Back in 1994, when Toyota launched the original RAV4, the market for style-led small off-roaders didn’t exist, but customers quickly warmed to the appeal of a car that offered ‘street-tough’ looks (to a point) mixed with hot-hatch driving characteristics (again, to a point).

The firm soon discovered it had a star on its hands, the market boomed and suddenly its competitors got in on the act and the opportunities to succeed got tougher. Keen to protect the very market it generated, Toyota launched the second generation RAV4 in 2000 to continued success and the latest example in 2006.

Road tester
The storage compartment opens smoothly with a trick button, but a pair of gloves will fill it.

It’s a gentle evolution of this proven formula, and the biggest change is perhaps the absence of a three-door model – it only accounting for around 20 per cent of sales in its final year. What the means is you get a practical, but still relatively compact, SUV with car-like driving dyanmics and Toyota’s famed quality and reliability levels.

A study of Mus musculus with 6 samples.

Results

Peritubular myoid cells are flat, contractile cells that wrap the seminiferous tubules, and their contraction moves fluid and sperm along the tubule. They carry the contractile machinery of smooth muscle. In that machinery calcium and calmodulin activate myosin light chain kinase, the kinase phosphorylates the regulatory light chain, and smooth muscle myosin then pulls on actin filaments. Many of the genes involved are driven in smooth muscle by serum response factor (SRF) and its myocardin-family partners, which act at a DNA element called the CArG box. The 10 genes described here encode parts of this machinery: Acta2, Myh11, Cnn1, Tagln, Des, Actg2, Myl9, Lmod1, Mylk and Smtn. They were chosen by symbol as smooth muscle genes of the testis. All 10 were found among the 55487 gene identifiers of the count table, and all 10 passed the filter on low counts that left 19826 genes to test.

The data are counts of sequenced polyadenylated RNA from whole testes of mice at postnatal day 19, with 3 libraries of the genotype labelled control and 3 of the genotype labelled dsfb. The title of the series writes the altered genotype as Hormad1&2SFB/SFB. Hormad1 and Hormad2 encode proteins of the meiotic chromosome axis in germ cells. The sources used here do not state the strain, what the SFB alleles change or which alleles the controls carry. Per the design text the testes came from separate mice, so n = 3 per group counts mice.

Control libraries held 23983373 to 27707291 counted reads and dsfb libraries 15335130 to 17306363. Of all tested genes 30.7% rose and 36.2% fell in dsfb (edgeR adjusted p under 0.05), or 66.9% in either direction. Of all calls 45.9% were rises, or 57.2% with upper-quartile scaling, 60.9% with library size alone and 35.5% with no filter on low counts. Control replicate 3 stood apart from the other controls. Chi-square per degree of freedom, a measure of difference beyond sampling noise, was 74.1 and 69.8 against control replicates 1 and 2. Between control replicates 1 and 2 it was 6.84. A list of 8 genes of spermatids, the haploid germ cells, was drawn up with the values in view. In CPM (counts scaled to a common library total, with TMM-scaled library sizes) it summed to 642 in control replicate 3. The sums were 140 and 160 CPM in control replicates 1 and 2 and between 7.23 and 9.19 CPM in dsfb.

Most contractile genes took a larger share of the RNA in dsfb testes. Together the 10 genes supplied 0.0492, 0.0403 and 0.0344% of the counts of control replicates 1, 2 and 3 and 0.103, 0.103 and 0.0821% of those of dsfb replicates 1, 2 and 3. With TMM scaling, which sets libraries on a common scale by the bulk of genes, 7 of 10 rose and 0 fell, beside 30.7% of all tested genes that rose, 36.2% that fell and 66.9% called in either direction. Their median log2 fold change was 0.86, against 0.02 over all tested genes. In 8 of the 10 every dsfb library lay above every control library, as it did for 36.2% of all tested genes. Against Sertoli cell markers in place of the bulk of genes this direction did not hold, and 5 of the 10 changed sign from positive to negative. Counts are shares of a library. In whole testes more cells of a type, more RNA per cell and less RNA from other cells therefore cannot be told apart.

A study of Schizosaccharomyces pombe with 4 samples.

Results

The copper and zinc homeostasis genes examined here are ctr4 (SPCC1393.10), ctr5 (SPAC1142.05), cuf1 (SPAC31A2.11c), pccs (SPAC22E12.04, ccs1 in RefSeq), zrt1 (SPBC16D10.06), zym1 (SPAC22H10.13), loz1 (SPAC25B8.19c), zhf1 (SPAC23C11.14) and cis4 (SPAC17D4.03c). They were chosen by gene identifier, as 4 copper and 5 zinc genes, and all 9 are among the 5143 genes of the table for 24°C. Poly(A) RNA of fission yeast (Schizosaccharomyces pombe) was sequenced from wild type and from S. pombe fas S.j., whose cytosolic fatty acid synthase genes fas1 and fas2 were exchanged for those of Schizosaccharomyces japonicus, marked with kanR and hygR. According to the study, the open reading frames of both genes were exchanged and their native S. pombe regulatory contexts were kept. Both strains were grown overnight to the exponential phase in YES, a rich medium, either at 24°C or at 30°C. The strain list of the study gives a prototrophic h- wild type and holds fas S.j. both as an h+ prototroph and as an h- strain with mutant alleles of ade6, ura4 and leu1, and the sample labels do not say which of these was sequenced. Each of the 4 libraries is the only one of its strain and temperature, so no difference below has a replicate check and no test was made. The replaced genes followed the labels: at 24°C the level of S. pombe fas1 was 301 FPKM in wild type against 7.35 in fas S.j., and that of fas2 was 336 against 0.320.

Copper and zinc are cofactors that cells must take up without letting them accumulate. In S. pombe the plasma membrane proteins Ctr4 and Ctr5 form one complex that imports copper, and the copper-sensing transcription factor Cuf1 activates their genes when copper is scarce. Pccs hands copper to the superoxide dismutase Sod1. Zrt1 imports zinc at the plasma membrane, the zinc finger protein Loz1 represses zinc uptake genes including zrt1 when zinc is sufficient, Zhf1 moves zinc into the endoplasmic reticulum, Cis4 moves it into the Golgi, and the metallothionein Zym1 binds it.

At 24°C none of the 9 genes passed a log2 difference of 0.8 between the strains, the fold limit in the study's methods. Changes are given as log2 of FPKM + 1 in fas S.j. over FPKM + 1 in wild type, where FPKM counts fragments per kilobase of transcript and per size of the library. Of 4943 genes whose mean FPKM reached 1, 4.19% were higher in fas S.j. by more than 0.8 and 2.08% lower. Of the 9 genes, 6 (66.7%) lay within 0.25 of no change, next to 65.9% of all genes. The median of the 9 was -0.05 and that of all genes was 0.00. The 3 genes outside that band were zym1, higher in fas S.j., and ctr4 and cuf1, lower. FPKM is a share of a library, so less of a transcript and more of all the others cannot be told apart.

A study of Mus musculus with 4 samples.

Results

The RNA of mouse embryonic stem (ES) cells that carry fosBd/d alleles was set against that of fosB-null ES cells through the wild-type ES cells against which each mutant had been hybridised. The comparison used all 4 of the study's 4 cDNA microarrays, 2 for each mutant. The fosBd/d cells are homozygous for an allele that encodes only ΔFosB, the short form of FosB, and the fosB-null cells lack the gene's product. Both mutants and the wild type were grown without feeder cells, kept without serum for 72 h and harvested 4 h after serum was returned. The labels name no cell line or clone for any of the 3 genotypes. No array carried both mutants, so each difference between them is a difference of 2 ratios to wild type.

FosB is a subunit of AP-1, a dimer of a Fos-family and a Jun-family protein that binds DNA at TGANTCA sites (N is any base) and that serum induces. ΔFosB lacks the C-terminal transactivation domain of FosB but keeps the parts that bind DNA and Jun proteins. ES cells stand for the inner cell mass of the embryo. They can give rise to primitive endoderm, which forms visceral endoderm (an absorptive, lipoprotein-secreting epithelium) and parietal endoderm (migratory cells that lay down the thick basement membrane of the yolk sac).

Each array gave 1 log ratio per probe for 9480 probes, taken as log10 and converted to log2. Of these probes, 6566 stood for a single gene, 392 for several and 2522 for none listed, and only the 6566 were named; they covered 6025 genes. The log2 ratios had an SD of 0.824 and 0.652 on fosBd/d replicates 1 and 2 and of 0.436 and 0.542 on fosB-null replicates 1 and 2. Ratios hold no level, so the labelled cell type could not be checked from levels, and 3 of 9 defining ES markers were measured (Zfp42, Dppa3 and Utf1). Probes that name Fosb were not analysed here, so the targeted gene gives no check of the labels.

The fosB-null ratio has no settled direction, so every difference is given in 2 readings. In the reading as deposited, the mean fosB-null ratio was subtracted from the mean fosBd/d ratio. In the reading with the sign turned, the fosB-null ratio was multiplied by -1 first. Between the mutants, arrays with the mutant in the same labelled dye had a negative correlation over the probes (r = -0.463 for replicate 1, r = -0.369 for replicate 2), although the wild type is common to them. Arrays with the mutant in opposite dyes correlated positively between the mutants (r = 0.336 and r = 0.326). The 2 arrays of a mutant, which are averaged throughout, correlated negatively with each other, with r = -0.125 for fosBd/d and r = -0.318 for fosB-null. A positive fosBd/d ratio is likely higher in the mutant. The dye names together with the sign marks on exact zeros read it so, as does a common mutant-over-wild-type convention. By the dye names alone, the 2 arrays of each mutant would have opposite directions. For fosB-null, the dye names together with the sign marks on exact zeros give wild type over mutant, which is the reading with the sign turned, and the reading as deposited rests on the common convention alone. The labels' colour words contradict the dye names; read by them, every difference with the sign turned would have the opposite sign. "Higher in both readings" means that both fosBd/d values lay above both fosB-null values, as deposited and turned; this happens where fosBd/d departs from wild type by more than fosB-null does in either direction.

There’s petrol, diesel, manual, automatic, four-wheel drive and two-wheel drive options as well as high levels of standard equipment. And like the rest of the Toyota range the RAV4 benefits from the firm’s five-year warranty.

It is however now six years old, and despite a couple of facelifts and new technology being added in the meantime, the RAV4 is beginning to show its age in face of more contemporary competition. Regardless though, as the car that kick-started the craze the RAV4 still has what it takes to appeal.